Still standing after taking a hit in World War II, this spectacular church tells its tumultuous and varied history through its impressive stained-glass windows.
The Royal Garrison Church is a 13th-century church that once served as a hospital and lodging for pilgrims. Having served many purposes, the religious hub has been partially damaged over the centuries and remains an important historical landmark in the Old Town quarter of Portsmouth. Visit the Royal Garrison Church to enjoy the absolute serenity in and around the building.
Marvel at the intriguing frame of the façade. The upper part has stood alone since the destruction of the church roof in the 1940s. A lower gabled roof covers the main body of the church. Stroll around the grassy area that lines the side of the building and revel in the tranquility. Pointing away from the church in the corner of the grounds is a lone black cannon.
Enter the historic structure to find yourself in its restored nave. Admire the 20th-century stained-glass windows that portray an array of religious figures as well as scenes from World War II. The chancel features a majestic vaulted roof and contains the choir and sanctuary. Notice how the oak stalls pay tribute to iconic military personnel.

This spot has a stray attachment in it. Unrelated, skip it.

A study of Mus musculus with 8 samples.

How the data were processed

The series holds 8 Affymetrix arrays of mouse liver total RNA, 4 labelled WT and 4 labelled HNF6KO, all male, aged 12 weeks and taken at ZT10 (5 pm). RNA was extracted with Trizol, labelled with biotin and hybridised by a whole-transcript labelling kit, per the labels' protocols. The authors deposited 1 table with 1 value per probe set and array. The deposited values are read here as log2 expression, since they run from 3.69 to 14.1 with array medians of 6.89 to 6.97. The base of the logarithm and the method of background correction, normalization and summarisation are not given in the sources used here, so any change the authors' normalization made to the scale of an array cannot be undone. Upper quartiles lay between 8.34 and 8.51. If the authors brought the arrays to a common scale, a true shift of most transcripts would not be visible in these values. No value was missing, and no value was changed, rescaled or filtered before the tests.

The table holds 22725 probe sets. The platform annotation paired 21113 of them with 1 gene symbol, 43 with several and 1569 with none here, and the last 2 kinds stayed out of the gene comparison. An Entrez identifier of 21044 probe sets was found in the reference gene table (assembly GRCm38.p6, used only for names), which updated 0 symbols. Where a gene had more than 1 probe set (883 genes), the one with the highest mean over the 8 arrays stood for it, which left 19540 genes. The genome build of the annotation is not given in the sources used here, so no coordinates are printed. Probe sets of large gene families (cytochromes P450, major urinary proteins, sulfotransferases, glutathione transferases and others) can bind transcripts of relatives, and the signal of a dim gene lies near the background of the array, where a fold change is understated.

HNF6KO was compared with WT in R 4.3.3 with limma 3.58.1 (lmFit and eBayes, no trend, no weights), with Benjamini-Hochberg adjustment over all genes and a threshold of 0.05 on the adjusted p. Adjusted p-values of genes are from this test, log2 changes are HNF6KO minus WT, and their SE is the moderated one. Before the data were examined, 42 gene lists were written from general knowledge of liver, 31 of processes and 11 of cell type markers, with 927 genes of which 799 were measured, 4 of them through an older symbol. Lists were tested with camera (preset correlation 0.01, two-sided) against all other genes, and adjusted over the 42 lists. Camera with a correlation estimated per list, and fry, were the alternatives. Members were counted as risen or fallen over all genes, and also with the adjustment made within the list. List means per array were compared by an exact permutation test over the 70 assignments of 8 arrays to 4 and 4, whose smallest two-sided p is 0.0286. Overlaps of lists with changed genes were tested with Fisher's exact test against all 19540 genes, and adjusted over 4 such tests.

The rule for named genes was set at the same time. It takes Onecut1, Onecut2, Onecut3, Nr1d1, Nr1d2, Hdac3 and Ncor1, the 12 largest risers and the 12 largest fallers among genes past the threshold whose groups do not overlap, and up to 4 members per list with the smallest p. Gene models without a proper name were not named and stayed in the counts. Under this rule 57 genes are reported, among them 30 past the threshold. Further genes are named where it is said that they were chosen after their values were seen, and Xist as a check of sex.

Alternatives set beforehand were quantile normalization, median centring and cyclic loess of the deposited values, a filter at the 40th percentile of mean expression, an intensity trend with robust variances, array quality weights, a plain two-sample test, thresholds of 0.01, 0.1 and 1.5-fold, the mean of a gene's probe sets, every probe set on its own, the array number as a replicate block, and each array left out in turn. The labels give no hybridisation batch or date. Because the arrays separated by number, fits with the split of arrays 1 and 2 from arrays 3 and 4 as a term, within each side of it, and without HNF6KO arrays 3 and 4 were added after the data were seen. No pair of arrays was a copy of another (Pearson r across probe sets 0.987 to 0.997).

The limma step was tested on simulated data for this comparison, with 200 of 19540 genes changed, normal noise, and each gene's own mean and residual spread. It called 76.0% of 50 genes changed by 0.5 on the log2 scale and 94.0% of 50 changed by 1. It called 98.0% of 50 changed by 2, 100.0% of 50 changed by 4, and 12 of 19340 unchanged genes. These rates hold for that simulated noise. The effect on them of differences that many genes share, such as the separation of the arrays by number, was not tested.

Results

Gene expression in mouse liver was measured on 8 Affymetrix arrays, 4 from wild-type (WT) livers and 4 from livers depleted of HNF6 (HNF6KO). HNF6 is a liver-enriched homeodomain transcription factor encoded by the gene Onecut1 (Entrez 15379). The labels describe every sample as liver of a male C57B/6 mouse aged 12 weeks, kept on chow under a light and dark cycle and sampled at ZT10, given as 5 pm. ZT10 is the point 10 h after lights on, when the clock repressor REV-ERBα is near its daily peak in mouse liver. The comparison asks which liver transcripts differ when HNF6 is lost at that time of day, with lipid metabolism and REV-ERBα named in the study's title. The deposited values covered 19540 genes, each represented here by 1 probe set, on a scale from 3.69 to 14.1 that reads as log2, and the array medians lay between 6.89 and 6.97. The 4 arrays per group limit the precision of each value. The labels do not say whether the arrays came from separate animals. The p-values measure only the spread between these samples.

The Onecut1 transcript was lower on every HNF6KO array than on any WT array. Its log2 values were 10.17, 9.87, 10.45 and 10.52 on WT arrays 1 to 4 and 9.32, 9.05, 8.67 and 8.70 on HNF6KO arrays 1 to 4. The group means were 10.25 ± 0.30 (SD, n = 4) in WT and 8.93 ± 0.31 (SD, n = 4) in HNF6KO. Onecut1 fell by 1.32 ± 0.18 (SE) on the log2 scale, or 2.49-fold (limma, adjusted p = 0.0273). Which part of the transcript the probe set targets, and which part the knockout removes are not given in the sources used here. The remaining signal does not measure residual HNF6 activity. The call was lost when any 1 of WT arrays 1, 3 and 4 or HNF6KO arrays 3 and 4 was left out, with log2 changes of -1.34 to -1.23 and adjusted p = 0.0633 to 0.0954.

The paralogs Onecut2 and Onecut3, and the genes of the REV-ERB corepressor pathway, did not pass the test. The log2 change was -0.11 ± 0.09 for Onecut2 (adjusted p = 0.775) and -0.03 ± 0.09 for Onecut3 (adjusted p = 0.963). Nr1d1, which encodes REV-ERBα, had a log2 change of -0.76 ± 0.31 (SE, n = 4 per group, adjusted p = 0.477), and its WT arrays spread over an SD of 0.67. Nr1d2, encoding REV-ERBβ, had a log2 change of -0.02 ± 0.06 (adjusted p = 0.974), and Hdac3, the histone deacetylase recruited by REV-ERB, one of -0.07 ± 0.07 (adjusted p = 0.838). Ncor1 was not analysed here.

Speak with the clergy about the long and complex history of the church, which was severely damaged by bombing in World War II. The building was previously used as a medieval hospital, an ammunitions store and as part of the city governor’s residence in the 16th century.
Find the Royal Garrison Church just south of the Portsmouth Cathedral in the heart of the Old Town district. Ride a bus to a nearby stop or walk south from Portsmouth Harbour Station for about 20 minutes to get here. The church is open to visitors in summer, Tuesday through Saturday from late morning until afternoon. It is free to enter.
While you’re in the vicinity, visit other nearby sights such as the Round Tower, the Horatio Nelson Statue and the Square Tower.